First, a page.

With the increasing awareness of the impact of waste, there comes a desire to take action. It is very clear that most of the areas around us have a “garbage crisis”. The ground near bus stops is decorated with cigarette butts, grass fields full of plastic wrappers and bottles, the backs of buildings used as an unofficial dumpster to leave unwanted items behind, and much more.
This kind of environmental pollution is hazardous for many reasons, including litter being the perfect breeding ground for harmful bacteria and rodents as well as small pieces of trash ending up in the stomachs of birds, fish, whales, etc..
In addition, the harmful chemicals in cigarette butts could severely contaminate water and soil, and the problem with cigarette butts is that they are so abundant. It is hard to imagine the impact throwing one cigarette on the ground can make until you see a hundred of them on the floor.
This is when we realized we should take immediate action.
“Clean up Sundays is a grassroot movement which aims to promote social change with regards to civilian public waste management.
We want to create a healthier environment for all, through the collective action of regular self-pick up of garbage every second Sunday of the month. And by doing so, increase civic engagement and societal integration in various neighborhoods of the city.”
This movement has no location, the location is outside where you live, in the park next to your house, or the beach where you surf. It is any place you come in contact with that is full of litter, litter that has probably been accumulating for a long time.
We are calling for a small scale action taken by a large amount of people in different areas. This is not a project that requires meticulous planning and careful discussion. This requires a pair of gardening gloves, a few trash bags and some friends (but you could definitely do it alone).
It is time for us to do our part and clean up our communities.
“Clean-Up-Sundays is a result of various discussions and circumstances that we experienced throughout the past months. The original idea is from Ruanda, where people are obliged by the government to dedicate one day of the month, called “UMUGANDA”, to cleaning up their community. Besides all the headlines you read about the bad trash system in Rome and about the city drowning in trash, we have been walking the same dirty and trash-filled path to university every morning for the past months. Together with some friends we decided to change that. We thought that it doesn’t take a lot to clean up your neighborhood and it is a good way to give something back to the community you live in (especially as a foreigner). From there the idea started growing and more people got involved. The idea was to create a movement to encourage people to clean up their own communities once a month with their neighbors and friends – as simple as that, because obviously the government doesn’t do it.”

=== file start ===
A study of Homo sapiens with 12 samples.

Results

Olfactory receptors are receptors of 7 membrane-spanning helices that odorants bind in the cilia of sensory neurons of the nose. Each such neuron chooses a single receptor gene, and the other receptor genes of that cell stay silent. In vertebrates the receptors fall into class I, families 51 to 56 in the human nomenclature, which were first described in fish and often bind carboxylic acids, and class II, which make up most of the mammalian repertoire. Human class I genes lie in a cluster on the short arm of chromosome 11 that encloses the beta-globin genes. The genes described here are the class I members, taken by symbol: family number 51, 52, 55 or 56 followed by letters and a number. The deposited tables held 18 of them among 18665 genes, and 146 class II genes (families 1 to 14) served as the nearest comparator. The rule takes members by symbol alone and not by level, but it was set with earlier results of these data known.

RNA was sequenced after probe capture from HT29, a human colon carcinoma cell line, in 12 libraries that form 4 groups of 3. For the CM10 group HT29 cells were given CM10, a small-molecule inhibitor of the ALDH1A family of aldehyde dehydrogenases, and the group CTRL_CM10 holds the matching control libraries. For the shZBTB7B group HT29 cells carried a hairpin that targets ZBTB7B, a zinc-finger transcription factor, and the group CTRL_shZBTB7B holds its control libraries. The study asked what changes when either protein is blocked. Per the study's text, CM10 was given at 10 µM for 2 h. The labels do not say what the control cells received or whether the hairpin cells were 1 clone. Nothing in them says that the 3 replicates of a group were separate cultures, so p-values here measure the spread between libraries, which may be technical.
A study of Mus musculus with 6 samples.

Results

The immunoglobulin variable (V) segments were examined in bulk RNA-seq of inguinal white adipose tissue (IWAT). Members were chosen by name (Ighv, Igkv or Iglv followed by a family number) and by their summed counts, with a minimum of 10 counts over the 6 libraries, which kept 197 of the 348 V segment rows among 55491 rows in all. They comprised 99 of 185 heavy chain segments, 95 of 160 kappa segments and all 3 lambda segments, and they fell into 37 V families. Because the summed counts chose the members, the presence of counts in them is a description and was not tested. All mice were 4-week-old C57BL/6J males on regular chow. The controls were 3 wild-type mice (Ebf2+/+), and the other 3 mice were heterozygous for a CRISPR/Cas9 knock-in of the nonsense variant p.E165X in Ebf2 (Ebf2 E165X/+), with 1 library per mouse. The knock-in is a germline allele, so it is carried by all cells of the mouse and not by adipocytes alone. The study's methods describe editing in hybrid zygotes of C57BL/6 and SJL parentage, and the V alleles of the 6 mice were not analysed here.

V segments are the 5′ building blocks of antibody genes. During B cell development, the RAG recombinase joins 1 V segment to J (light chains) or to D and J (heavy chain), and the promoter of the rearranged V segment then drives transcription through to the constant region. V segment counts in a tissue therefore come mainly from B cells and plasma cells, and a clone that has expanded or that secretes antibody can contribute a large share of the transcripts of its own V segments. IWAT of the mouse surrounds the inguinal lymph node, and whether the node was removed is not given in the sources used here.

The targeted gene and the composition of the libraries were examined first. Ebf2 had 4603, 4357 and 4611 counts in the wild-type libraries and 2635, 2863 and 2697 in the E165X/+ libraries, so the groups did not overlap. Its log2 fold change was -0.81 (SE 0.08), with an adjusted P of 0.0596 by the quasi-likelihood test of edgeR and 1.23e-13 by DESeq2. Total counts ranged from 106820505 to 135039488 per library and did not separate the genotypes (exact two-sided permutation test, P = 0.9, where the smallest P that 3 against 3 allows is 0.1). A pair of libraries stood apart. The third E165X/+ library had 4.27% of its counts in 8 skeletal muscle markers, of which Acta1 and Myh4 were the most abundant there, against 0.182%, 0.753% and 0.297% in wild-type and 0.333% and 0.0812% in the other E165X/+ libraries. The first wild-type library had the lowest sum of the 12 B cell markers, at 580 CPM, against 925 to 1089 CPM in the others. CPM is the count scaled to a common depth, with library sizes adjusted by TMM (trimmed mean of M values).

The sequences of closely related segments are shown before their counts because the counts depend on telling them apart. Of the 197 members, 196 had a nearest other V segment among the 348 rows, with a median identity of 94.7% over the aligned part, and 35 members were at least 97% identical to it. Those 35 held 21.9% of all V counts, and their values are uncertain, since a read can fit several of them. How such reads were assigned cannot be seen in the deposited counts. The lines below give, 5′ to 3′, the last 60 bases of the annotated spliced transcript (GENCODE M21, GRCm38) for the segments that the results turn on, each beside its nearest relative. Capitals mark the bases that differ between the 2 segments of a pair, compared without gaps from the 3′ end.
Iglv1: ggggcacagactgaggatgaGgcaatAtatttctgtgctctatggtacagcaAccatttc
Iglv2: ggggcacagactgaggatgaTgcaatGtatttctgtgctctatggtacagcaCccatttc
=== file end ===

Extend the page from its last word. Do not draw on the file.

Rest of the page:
We decided our first day out cleaning our community was going to be on Sunday the 14th of April. 8 students met at the parking lot in front of the student dormitory in Tor Vergata and spent around 4 hours collecting over 20 trash bags worth of plastic, cardboard, beer bottles, cigarettes, and so much more. The aftermath was an overwhelming sense of satisfaction about what we managed to accomplish by the time it started raining. We had almost cleaned the entire parking lot.
Meanwhile on the other side of Rome in Verderocca, one student joined this movement and went to clean up a park near his house by himself! This action alone showed how planning a cleanup activity is not as hard as we make it seem. Our communities are out there full of litter and it is not as much effort as I thought it was to get up and pick it up.
“The most beautiful feeling I had while taking trash out of a park? Well, knowing that people were looking at me, wondering whether I was getting paid or not. I wasn’t! I felt so good after hearing somebody say “I’ll tell my daughter to do it” or “We need more people caring about this place”. That was my payment and that will be my only payment for every clean-up sunday I’ll make: “we need more people caring about this place”, we need more people caring about Earth!”
Unfortunately, less than a week after we cleaned the parking lot, we started to see a lot of plastic bags, cups, and papers on the ground. It was disheartening to see that there weren’t efforts as consistent as we hoped in regards to keeping our spaces clean and litter free. It is worth mentioning that there is a strong lack of garbage bins in the area of Tor Vergata, and for the people not willing to carry their trash until they find a bin, littering seems like the way to behave.
“I was really shocked about the amount of trash we found. An absurd amount of cigarettes, moist tissues, beer bottles and all types of plastic, definitely over 50 packets of cigarettes and even pasta. It took us almost 4 hours and we couldn’t finish to clean the parts we planned. Yesterday we went to Campus again to find out that where we had just cleaned less than a week ago was already full of trash again. Everybody complains that Rome is dirty and unorganized, but these initiatives prove that if the population doesn’t contribute by avoiding littering, nothing will change. Each of us must do their part if we want to see real change in the world.”
-Ana Carolina Marcondes
We still have a long way to go. We must advocate for the cleanliness of our communities. This movement has the potential to change so much about our environment full of trash, but it is nothing without the willingness of the citizens in our world to maintain its cleanliness after it has been cleaned. As a society, we must start understanding the large effects our small actions have, whether they be good or bad.